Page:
It's like watching the Super Bowl at a local bar. But instead, this is all about online gamers and the global phenomenon is just starting to take off in the U.S.
WASHINGTON – It’s like watching the Super Bowl at a local bar. But instead, this is all about online gamers and the global phenomenon is just starting to take off in the U.S.
Around the world, nearly 20 million people watched an international online gaming competition Saturday. In Sweden, they actually watched it on regular TV.
But at Public Bar in Northwest D.C.’s Tenleytown, about 300 gamers gathered for the event.
Deric Ortiz made it happen. He’s president of One Nation of Gamers, a company that brings gamers together in North America to watch their favorite competitive video games at bars. Just like they’d gather for a Washington Nationals game or the Super Bowl.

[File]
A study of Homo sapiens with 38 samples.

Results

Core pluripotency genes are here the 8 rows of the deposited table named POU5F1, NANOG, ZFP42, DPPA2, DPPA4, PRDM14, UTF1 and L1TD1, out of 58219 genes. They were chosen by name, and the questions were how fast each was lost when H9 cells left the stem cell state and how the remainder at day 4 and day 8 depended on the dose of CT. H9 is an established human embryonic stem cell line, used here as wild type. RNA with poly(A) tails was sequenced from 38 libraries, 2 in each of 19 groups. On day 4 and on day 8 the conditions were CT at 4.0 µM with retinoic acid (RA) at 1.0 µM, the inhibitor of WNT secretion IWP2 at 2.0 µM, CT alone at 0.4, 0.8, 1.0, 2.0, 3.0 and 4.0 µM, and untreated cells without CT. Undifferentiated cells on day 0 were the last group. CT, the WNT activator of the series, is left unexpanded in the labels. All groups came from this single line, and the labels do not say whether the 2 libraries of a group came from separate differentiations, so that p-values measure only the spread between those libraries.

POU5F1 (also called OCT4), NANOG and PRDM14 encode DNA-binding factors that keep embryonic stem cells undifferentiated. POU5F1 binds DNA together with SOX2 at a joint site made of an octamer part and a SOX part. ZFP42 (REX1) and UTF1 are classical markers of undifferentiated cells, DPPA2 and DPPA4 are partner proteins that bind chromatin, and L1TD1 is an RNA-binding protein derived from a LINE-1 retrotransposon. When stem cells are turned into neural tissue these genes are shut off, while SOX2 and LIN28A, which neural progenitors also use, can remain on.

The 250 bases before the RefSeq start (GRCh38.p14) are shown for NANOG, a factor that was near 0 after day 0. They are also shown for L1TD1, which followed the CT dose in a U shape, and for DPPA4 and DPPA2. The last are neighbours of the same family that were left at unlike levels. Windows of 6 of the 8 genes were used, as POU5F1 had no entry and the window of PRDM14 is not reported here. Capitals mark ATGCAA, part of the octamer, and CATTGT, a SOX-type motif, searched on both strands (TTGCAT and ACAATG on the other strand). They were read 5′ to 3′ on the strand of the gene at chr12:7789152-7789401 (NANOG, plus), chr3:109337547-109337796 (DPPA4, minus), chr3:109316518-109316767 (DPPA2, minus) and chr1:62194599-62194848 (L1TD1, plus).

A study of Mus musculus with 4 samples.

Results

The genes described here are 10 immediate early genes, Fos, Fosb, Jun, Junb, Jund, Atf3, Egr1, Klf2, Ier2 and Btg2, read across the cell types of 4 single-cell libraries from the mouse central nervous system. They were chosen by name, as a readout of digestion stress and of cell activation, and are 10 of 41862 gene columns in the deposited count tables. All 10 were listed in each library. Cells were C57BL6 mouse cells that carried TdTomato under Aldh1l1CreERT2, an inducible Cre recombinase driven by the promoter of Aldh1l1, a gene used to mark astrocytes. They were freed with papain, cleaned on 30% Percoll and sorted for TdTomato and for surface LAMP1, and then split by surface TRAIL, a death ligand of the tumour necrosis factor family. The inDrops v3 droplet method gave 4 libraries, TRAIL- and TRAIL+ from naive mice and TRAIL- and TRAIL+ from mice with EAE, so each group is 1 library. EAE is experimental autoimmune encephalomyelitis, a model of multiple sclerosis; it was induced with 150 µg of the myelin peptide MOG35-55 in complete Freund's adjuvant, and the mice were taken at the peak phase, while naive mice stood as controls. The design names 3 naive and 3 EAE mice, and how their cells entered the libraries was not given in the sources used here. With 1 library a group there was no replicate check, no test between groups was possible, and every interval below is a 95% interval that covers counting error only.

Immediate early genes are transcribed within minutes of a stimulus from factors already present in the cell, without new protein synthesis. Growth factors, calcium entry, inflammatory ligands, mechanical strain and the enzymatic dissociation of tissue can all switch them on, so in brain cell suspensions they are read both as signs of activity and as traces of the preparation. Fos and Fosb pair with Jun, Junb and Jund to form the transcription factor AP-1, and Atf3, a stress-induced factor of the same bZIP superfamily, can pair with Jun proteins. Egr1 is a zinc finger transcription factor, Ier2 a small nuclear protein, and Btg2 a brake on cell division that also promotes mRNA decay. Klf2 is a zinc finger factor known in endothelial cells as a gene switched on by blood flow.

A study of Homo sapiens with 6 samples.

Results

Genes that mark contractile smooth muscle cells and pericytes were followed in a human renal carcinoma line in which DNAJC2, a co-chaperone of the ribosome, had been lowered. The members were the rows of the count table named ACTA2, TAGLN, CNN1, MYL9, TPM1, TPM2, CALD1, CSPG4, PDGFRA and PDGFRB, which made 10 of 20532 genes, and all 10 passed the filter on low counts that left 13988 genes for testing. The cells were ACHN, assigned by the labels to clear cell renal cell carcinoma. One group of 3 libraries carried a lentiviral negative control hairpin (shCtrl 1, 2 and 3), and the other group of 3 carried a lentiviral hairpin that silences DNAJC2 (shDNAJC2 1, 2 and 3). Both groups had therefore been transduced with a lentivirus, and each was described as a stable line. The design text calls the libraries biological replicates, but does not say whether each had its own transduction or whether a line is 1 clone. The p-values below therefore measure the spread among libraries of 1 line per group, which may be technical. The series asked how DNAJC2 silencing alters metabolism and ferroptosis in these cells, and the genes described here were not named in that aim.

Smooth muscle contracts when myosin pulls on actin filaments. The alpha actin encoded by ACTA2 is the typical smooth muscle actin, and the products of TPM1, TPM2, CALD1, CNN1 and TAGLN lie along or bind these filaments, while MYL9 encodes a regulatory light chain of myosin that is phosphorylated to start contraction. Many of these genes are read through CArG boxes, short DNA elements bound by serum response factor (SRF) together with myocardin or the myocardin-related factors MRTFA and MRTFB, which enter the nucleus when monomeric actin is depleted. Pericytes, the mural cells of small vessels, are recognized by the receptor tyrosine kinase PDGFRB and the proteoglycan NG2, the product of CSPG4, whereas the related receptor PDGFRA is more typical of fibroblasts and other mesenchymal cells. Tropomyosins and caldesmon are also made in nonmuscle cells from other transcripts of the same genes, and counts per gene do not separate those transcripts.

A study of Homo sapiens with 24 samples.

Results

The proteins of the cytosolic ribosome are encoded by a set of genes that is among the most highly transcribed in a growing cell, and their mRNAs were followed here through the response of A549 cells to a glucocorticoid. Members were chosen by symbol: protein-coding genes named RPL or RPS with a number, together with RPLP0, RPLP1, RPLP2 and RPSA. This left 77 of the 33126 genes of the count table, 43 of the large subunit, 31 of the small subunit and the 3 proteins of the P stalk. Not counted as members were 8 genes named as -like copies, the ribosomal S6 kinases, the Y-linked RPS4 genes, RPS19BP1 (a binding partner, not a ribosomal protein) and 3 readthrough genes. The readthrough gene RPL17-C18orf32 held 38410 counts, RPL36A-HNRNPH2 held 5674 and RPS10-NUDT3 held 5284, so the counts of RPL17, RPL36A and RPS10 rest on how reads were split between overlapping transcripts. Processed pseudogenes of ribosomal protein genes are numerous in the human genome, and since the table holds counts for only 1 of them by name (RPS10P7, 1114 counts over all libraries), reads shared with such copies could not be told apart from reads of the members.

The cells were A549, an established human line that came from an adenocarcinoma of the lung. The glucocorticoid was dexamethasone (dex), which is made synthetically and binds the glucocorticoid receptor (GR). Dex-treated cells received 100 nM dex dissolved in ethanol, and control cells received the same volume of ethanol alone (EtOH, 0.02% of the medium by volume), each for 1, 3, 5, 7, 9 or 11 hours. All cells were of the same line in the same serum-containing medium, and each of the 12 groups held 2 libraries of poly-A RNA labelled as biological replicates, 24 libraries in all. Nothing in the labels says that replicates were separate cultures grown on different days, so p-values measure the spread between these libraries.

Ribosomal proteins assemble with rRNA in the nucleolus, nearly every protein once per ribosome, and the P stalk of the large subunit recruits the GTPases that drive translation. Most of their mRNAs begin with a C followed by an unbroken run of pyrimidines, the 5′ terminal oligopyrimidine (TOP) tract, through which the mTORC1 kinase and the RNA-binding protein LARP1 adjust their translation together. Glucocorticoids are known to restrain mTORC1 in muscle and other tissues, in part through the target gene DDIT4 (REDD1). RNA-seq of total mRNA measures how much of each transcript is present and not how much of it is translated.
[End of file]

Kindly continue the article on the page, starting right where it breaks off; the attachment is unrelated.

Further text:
But this is serious business with nearly $3 million up for grabs.
“You’re basically seeing the world’s best gamers compete and slug it out. In this case, for 2.9 million bucks,” Ortiz says.
Gamer Jacob Sweeny says the winner has a lot to gain.
“$1.4 [million] for the winner of first place and no small chump change for the second and third place either,” Sweeny says.
Ortiz says he’s been putting the events together for the past two years in D.C. and other cities across the U.S. They’re called pubstomps or barcrafts because gamers gather in bars or other public spaces.
Sitting outside Public Bar having a drink, Catherine Gellatly and a friend had no idea the bar was packed with gamers watching an international gaming championship and cheering for their team.
“I have never heard of this before,” Gellatly says. “My little brother plays a lot of video games. But I never imagined that someone would watch it on television for fun.”
Vacationing from Florida, Bridget O’Leary watched the gaming competition with her 13-year-old son.
“It is a sporting event. And as they’re showing the gaming on TV, it’s just like sporting announcers calling play-by-play,” O’Leary says.
While pubstomp and barcraft might not be a household name yet, Ortriz says to just give it a few years.